Androgenic hair loss
There are many conditions where hair loss is the primary symptom. Still, the number one cause of hair loss for men and women is androgenic genetic alopecia, with DHT playing a primary role.
What is DHT?
DHT (dihydrotestosterone) is a hormone belonging to a class known as androgens. Androgens function to regulate the development and maintenance of masculine characteristics. They are involved in growth, body development, and reproductive health.
Androgens are typically thought of as male hormones, but women also produce them in smaller amounts. Androgens are produced by the testicles in men, ovaries in women, and the adrenal glands of both sexes. These hormones influence muscle development, fat production, bone density, changes during puberty, as well as sexual desire and function.
DHT is derived from the conversion of testosterone by the action of the 5-alpha reductase enzymes. It is the most potent of the androgens and is considered pure androgen in that it cannot be converted to estrogen.
What does DHT do?
Although DHT has been given a bad reputation due to its role in male-patterned hair loss, it is an essential hormone from fetal development until puberty, after which it becomes implicated in certain medical conditions in males.
During fetal development, DHT plays an essential role in sexual differentiation in male fetuses because it promotes the development of male external genitalia. So, without the influence of DHT, the fetus would appear female.
During puberty, it is involved in the growth and maturation of the penis and scrotum, the deepening of the voice, and increasing muscle mass. It is the primary androgen responsible for facial hair, body hair, and prostate growth.
However, DHT has no significant role in normal male physiology during adulthood and is most notably implicated in prostatic enlargement and MPHL.
How does DHT cause hair loss?
DHT is formed primarily in the body’s peripheral tissues, where it exerts its effects. And for male pattern hair loss, this conversion occurs at the hair follicle.
Testosterone is converted to DHT at the hair follicle when it comes in contact with the 5-alpha reductase enzymes. DHT then binds to receptors on susceptible hair follicles, activating genes that start the cascade of reactions that lead to progressively shorter growth cycles causing the hairs to become shorter and thinner to a point where the follicle is incapable of sustaining healthy hair growth.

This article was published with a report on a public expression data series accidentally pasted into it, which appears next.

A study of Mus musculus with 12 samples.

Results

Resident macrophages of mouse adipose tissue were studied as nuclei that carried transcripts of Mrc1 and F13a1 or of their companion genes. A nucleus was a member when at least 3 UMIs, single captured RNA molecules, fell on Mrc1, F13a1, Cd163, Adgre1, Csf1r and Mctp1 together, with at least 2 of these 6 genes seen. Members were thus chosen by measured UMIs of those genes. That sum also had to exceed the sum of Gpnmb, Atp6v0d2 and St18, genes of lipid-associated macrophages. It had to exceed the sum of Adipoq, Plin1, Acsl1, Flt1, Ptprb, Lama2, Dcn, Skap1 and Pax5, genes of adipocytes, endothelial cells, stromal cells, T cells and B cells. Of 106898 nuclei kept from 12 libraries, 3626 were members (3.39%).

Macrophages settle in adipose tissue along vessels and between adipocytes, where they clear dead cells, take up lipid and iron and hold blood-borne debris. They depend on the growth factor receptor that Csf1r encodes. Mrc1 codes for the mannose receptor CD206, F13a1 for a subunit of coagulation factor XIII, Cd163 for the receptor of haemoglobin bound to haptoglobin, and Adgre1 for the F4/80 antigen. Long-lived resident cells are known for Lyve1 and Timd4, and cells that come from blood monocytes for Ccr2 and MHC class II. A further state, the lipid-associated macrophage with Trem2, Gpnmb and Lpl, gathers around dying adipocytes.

Men with male pattern hair loss have higher 5-alpha reductase enzyme levels and androgen receptor activity at the hair follicles of the balding scalp region, which leads to higher local DHT levels.
Genetics determines if the hair follicles will have DHT receptors, and the process of male pattern hair loss can take several months and even years. DHT only attacks scalp hair follicles that have DHT receptors. Hair follicles that do not have DHT receptors are unaffected.
What are the treatments for patterned hair loss?
There are two FDA-approved medications to treat androgenic alopecia: finasteride and minoxidil. These treatments are optimal for when hair loss is first beginning. Individuals will have varying responses to either of these treatments. It should be noted that neither of these treatments “regrow hair” or stop the hair loss process. Both of these medications require consistent daily use to be effective, and once the medicines are stopped, any benefit gained would eventually be lost. They work to “pump the brakes” to slow down the hair loss process and allow users to keep the hair they currently have for longer, but genetics eventually wins this tug of war.
Thankfully, there is a permanent solution to hair loss caused by DHT: surgical hair restoration. During this treatment, hairs that do not have DHT receptors and are therefore blind to the effects of DHT are moved to the balding areas. These hairs maintain their resistance to DHT even when transferred to regions of blading and will grow indefinitely.